While the wildfire season officially starts May 1, wildfire risk mitigation takes place year-round at Tucson Electric Power.

“TEP allocates resources and actively prepares throughout the year for each season so that we’re ready to respond if the need arises,” said Kasy Schug, a certified arborist who has served as the company’s liaison on wildfire response since 2014. “We actively take steps to make sure we’re protecting the grid, as well as protecting public safety and property.”

Here’s a by-the-numbers approach to our top five risk mitigation strategies to ensure safe, reliable service for customers:

  1. 5,000 structures and 1,200 miles of power lines: These metrics measure the reach of our annual tree-trimming efforts, which protect our facilities from wildfires and remove fuel that could otherwise feed fires. Our team trims back trees around extra-high voltage structures and transmission lines on regular cycles and across a wide range of terrain.
  2. 2,000 ground inspections a year: Towers and structures are inspected annually to identify equipment in need of repair or to clear of vegetation. Transmission corridors are patrolled twice a year in helicopters to identify potential problems. Drones are used in less-accessible areas. These routine inspections occur before and after wildfire season to ensure all equipment is surveyed at least once every five years and that 100 percent of extra high voltage equipment is reviewed annually.
  3. 40 pre-season coordination engagements: TEP works closely with state, federal, tribal and local agencies as well as private landowners to coordinate wildfire response and preparations. We discuss where to best focus resources and the steps taken to actively manage fires. TEP has engaged more than 40 experts and representatives prior to the season kickoff.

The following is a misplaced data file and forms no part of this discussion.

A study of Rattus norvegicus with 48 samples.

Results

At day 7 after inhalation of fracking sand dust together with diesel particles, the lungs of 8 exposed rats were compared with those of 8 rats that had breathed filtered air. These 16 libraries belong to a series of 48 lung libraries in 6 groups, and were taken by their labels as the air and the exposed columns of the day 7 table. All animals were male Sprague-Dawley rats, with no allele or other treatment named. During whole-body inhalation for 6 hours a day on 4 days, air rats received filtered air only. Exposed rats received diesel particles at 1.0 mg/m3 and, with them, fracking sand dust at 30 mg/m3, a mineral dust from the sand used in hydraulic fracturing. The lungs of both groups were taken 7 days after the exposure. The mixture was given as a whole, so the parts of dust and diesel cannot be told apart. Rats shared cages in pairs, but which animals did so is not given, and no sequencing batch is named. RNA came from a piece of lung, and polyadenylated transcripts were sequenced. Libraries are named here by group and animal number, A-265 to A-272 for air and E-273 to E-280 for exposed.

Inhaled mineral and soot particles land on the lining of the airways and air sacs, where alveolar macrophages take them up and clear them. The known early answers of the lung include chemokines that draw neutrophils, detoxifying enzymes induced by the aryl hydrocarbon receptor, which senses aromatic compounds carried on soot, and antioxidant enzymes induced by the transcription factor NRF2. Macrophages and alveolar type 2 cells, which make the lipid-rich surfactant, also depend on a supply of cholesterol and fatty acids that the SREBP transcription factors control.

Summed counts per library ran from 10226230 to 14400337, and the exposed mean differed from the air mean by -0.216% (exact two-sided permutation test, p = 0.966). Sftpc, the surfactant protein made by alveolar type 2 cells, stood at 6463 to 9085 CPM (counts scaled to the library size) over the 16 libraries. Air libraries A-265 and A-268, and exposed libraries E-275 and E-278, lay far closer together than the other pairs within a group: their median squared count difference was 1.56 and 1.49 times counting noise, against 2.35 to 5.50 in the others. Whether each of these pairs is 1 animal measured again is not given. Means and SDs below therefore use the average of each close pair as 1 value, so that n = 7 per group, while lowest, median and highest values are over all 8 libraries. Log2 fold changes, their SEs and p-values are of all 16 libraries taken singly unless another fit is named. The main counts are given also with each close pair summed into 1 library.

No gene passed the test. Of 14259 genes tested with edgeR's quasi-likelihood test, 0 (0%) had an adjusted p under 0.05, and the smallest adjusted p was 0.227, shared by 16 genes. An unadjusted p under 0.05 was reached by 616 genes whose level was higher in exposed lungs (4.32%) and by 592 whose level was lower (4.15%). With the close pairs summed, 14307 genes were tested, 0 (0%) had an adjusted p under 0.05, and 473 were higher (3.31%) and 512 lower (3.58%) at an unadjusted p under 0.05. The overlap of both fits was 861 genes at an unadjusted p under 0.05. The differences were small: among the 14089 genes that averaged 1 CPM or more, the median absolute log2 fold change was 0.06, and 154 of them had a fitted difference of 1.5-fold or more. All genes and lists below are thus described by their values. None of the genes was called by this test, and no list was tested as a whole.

4. 5-10 miles away from fires, on average: Although TEP employees review state wildfire forecasts, pore through historical data and use multiple expert sources to identify potential threats, we are looking at 2020 differently, Kasy said. “There are more people out in nature because of the sheltering orders, but there’s also a campfire ban and social distancing implications, so we are unsure of the real impact, if any, this year,” he said. In 2019, for example, campfires had already started a couple fires in April. On average, about 10 to 15 fires each year occur within 5-10 miles of TEP facilities.
  5. Up to 4 emergency response operations a year: When wildfires approach company assets, TEP stations employees at incident command sites to coordinate with firefighting agencies. That typically happens three or four times annually.

Visit our website for more information about TEP’s wildfire preparedness.